Sauna is a form of heat therapy, and for many it’s used as form of relaxation to reduce the stresses of everyday life and improve general health, and there’s emerging evidence that it does. Finnish sauna bathing has been shown to help reduce the risks of high blood pressure, cardiovascular disease, stroke, neurocognitive diseases, the common flu, some skin conditions and pain associated with rheumatic diseases and headache (1).
However, athletes have been using sauna to get an edge in athletic performance, generally for two reasons – heat acclimatisation and recovery.
With regards to heat acclimatisation, recent evidence suggests that post-exercise sauna is an effective strategy. A study published in the European Journal of Applied Physiology (2) subjected well trained cyclists to post training sauna sessions (30 mins, 87 °C, 11 % relative humidity).
Compared with baseline, peak plasma volume expansion increased after only 4 exposures and a decrease in resting heart rate was noted. This study supports other research that passive heating can improve heat acclimatisation for athletes. If you’d like to dig a little deeper Storme Heathcote and colleagues published an excellent review article (3) on the topic (click here for the review).
The relationship between sauna and recovery is also an interesting topic. There is a perception that sauna boosts recovery from exercise. For example, when asked about the importance of various recovery strategies, sports science professionals in Germany ranked Finnish sauna as the third most important strategy for recovery in athletes (4). Recent research on swimmers however has indicated this may not actually be the case – in fact it may negatively impact recovery.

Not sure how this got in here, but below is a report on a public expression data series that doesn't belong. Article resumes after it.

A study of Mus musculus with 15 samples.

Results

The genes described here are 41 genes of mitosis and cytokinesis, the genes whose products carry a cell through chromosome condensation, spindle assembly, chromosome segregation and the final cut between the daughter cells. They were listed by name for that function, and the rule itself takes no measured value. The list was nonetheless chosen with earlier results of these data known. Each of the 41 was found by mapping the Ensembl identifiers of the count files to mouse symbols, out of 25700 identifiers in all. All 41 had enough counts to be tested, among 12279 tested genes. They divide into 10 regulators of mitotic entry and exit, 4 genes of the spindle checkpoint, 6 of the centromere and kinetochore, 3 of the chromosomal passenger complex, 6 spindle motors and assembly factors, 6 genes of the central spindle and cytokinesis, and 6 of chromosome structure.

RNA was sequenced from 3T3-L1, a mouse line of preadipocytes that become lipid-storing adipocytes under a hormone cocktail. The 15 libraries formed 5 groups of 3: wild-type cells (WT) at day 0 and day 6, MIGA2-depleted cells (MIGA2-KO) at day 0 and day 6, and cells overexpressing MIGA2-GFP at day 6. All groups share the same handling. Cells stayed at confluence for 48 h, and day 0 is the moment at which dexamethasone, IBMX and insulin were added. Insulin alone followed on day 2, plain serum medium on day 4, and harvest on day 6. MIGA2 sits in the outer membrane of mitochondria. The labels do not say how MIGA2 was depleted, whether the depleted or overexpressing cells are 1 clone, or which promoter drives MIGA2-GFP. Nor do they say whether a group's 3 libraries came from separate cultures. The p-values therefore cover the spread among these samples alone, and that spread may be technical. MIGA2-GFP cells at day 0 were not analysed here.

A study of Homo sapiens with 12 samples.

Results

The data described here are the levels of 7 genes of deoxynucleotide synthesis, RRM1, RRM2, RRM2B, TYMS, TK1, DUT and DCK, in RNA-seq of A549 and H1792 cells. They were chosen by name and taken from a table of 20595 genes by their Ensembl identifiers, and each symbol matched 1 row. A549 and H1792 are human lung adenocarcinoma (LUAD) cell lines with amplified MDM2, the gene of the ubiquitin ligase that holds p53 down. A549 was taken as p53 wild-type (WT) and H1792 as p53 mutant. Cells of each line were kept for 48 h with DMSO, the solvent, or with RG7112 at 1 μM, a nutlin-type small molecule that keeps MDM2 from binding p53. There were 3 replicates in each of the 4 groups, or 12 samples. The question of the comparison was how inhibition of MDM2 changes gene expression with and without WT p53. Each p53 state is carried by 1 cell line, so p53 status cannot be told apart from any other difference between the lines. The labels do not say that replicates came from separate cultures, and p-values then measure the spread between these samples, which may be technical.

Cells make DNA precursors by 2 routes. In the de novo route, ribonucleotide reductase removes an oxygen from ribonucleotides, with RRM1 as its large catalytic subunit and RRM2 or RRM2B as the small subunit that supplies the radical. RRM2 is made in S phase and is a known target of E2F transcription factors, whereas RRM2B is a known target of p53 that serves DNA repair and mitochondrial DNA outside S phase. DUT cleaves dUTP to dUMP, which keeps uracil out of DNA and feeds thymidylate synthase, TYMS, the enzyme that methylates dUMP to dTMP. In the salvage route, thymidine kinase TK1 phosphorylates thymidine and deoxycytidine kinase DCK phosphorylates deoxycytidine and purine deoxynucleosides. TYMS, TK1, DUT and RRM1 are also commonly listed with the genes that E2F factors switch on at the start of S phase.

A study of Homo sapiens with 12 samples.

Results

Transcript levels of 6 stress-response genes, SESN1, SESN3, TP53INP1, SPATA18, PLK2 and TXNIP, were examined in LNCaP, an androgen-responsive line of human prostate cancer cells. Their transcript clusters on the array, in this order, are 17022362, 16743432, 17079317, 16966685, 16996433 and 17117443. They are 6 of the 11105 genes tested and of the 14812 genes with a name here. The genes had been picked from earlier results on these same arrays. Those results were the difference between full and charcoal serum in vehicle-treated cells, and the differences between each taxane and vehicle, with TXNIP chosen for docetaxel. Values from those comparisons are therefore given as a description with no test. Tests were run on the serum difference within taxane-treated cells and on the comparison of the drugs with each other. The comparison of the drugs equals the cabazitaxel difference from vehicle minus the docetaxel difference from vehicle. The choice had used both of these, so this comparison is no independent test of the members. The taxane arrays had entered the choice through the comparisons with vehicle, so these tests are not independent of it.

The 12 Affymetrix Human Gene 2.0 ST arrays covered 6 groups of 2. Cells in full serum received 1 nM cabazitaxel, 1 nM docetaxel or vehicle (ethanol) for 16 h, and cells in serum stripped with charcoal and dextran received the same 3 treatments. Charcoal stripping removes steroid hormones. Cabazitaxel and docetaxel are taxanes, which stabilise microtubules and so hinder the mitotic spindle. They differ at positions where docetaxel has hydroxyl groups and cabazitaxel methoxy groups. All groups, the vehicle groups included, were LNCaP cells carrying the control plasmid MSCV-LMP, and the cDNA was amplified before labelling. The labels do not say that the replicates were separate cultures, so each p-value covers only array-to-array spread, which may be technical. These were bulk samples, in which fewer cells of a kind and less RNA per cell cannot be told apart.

The study published in the International Journal of Sports & Physiology Performance (5) had 20 highly-trained competitive swimmers and triathletes conduct an intensive training session followed by either a sauna bathing session (3x 8 minutes at 80-85 °C) or a placebo alternative (athletes applied massage oil and simply sat in place for the same time interval).
Before each training session the athletes completed 4 x 50-metre sprint swim efforts, which were repeated the following morning. Researchers also conducted subjective assessments of the athlete’s fatigue and recovery levels.
The findings are stark - the swimmers performed significantly worse in their swim tests the morning after sauna bathing than those who underwent the placebo procedure. For the swimmers that were in the sauna group, they reported higher subjective levels of stress following the sauna session.
It may be that the sauna places additional load and stress on the thermoregulatory and circulatory systems after an intense training session, something that may hinder recovery.
As it stands at the moment, sauna appears to be beneficial for general health, well-being and heat acclimatisation in athletes, however may negatively affect recovery. The boxers, footballers and jockeys were right about most of it all those years ago.
- Laukkanen, Jari A., Tanjaniina Laukkanen, and Setor K. Kunutsor. "Cardiovascular and other health benefits of sauna bathing: a review of the evidence." Mayo clinic proceedings. Vol. 93. No. 8. Elsevier, 2018.
- Stanley, Jamie, et al. "Effect of sauna-based heat acclimation on plasma volume and heart rate variability." European journal of applied physiology115.4 (2015): 785-794.
- Heathcote, Storme L., et al. "Passive heating: reviewing practical heat acclimation strategies for endurance athletes." Frontiers in physiology9 (2018): 1851
- Meyer, Tim, et al. Regenerationsmanagement im Spitzensport: REGman-Ergebnisse und Handlungsempfehlungen. Sportverlag Strauß, 2016.
- Skorski, Sabrina, et al. "Effects of Postexercise Sauna Bathing on Recovery of Swim Performance." International Journal of Sports Physiology and Performance1.aop (2019): 1-7.